US-VISIT milestones may shift

Homeland Security Department officials are confident they will meet the first deadline for a massive entry/exit system, but they may change future milestones.

Jim Williams, director of the Unites States Visitor and Immigrant Status Indicator Technology (US-VISIT) project, said the department remains aggressive about meeting the Dec. 31 deadline to implement the system at all airports and seaports, including biometric identifiers. Officials will rely on existing programs to finish on time.

"We feel good around the deadlines in putting in place the entry capabilities at major sea ports where we already have major infrastructure in place," Williams said, which includes 14 of 42 ports by the end of the year.

Meeting their initial goal will allow officials to gain the confidence of Congress and the administration, but that could be followed by discussions about an alternatives to subsequent targets, Williams said. Under the current plan, the system is supposed to be deployed at the 50 largest land ports by Dec. 31, 2004, and at all land ports by Dec. 31, 2005.

"We do have concerns about our ability to meet those deadlines and if we will have enough money," he said. "We're trying to establish credibility for the program and then trying to see [if we] can we come up with a long-term, integrated vision of where the US-VISIT program is going."

A request for proposals for a prime integrator is expected in November and an award is expected in May, 2004. Once the prime integrator is chosen, officials will determine how to best meet their goals, Williams said.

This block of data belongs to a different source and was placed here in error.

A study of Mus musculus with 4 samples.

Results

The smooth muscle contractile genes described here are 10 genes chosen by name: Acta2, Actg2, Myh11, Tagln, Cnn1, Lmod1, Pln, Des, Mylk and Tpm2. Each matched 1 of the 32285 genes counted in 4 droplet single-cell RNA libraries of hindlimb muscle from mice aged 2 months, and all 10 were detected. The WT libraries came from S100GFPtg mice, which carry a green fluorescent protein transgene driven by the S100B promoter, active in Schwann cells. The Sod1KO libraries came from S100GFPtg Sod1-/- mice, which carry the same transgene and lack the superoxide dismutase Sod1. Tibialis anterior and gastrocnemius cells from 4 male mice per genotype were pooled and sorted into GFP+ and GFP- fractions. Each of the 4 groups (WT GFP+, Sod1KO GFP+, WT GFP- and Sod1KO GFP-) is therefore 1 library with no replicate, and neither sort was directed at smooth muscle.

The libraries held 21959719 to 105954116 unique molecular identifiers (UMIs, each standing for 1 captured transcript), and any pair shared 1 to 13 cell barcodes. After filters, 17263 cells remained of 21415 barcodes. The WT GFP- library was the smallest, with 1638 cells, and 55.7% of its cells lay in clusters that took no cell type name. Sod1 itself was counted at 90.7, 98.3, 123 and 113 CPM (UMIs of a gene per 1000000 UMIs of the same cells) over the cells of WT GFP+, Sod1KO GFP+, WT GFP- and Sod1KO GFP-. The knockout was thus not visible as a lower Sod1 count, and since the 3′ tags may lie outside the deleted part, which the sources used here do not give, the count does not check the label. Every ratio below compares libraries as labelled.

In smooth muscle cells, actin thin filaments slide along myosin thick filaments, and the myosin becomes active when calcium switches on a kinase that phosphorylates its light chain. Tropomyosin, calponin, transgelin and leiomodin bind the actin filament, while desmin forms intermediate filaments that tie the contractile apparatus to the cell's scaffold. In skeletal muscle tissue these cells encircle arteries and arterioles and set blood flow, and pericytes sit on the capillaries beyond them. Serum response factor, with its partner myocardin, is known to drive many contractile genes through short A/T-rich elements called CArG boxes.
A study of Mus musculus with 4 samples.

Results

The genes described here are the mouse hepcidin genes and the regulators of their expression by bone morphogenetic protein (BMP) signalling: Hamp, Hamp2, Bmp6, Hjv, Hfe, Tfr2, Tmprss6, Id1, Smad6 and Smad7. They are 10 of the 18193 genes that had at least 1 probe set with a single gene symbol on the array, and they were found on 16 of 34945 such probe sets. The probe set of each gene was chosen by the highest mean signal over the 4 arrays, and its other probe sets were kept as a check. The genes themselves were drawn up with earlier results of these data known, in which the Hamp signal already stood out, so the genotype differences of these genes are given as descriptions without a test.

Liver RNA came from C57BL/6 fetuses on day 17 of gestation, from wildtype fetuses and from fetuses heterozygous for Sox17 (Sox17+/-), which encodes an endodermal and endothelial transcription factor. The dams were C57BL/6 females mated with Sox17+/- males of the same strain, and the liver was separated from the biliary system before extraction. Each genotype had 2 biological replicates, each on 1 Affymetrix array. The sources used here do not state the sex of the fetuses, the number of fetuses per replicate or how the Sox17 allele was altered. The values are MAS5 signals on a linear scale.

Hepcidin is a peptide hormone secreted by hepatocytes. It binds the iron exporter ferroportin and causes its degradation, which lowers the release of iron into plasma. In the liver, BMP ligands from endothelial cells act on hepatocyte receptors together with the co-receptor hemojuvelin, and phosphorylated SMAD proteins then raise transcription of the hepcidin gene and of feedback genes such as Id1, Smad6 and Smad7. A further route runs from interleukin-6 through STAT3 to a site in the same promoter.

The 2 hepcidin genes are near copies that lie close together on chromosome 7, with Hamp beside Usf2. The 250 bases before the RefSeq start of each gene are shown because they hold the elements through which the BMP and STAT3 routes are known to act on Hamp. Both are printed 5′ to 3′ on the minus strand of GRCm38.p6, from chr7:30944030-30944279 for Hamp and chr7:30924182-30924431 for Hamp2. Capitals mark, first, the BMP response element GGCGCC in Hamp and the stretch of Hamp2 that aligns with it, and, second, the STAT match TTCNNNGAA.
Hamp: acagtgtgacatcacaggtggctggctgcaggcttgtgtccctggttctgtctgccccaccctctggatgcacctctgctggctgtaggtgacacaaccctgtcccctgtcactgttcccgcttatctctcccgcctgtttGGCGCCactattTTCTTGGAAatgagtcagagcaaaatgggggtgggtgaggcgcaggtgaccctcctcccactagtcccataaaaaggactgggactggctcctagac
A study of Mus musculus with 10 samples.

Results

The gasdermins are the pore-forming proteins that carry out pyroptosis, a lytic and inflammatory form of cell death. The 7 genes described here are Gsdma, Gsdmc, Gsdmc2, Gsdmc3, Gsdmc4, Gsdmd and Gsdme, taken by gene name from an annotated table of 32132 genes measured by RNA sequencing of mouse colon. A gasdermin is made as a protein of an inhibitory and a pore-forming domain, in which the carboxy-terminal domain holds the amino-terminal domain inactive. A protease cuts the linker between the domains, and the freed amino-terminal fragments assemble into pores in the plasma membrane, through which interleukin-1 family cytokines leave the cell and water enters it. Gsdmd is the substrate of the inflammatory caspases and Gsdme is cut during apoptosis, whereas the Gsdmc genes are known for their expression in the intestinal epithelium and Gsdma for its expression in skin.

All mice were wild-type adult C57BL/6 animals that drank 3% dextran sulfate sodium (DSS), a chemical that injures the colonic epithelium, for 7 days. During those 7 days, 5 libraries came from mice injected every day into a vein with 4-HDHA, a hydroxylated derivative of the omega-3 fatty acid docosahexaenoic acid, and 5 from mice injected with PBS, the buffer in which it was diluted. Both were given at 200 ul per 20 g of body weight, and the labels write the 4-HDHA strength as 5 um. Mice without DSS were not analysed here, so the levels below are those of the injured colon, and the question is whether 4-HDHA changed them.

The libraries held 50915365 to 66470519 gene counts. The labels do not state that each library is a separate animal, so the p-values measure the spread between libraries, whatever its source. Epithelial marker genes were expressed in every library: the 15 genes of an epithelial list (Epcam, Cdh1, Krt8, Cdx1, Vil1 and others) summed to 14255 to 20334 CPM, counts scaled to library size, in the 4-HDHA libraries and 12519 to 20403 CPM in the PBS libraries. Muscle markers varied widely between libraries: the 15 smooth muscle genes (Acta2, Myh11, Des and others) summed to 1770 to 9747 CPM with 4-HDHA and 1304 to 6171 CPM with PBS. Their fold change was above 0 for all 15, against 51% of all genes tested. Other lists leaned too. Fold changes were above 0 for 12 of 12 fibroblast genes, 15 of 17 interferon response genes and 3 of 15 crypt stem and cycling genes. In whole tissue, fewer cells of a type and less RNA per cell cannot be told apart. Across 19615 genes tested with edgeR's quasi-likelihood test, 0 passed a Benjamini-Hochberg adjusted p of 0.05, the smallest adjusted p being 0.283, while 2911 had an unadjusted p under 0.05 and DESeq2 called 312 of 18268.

"Maybe it changes the timelines, and maybe it doesn't," he said. "We'd like to be able to come back to [Congress] with potentially an alternative, longer term [plan] that meets their goals... rather than being reactive to a conglomeration of legislation."

Williams said they are in the process of developing a program management office, which the General Accounting Office recommended in a report released this week. Homeland Security Secretary Tom Ridge has approved the plans for the office, and 50 people have been initially detailed for it, Williams said. They are close to leasing office space and plan to move in later this year, he said.

Officials also want to establish a US-VISIT advisory board, another GAO recommendation, Williams said. The board, made up of executives from DHS and other agencies, would provide ongoing advice on the program.

"Generally, we agree with them," Williams said of the GAO report. "These are things we've talked about with GAO. They put down things they knew we were planning to do. Much of this is common sense."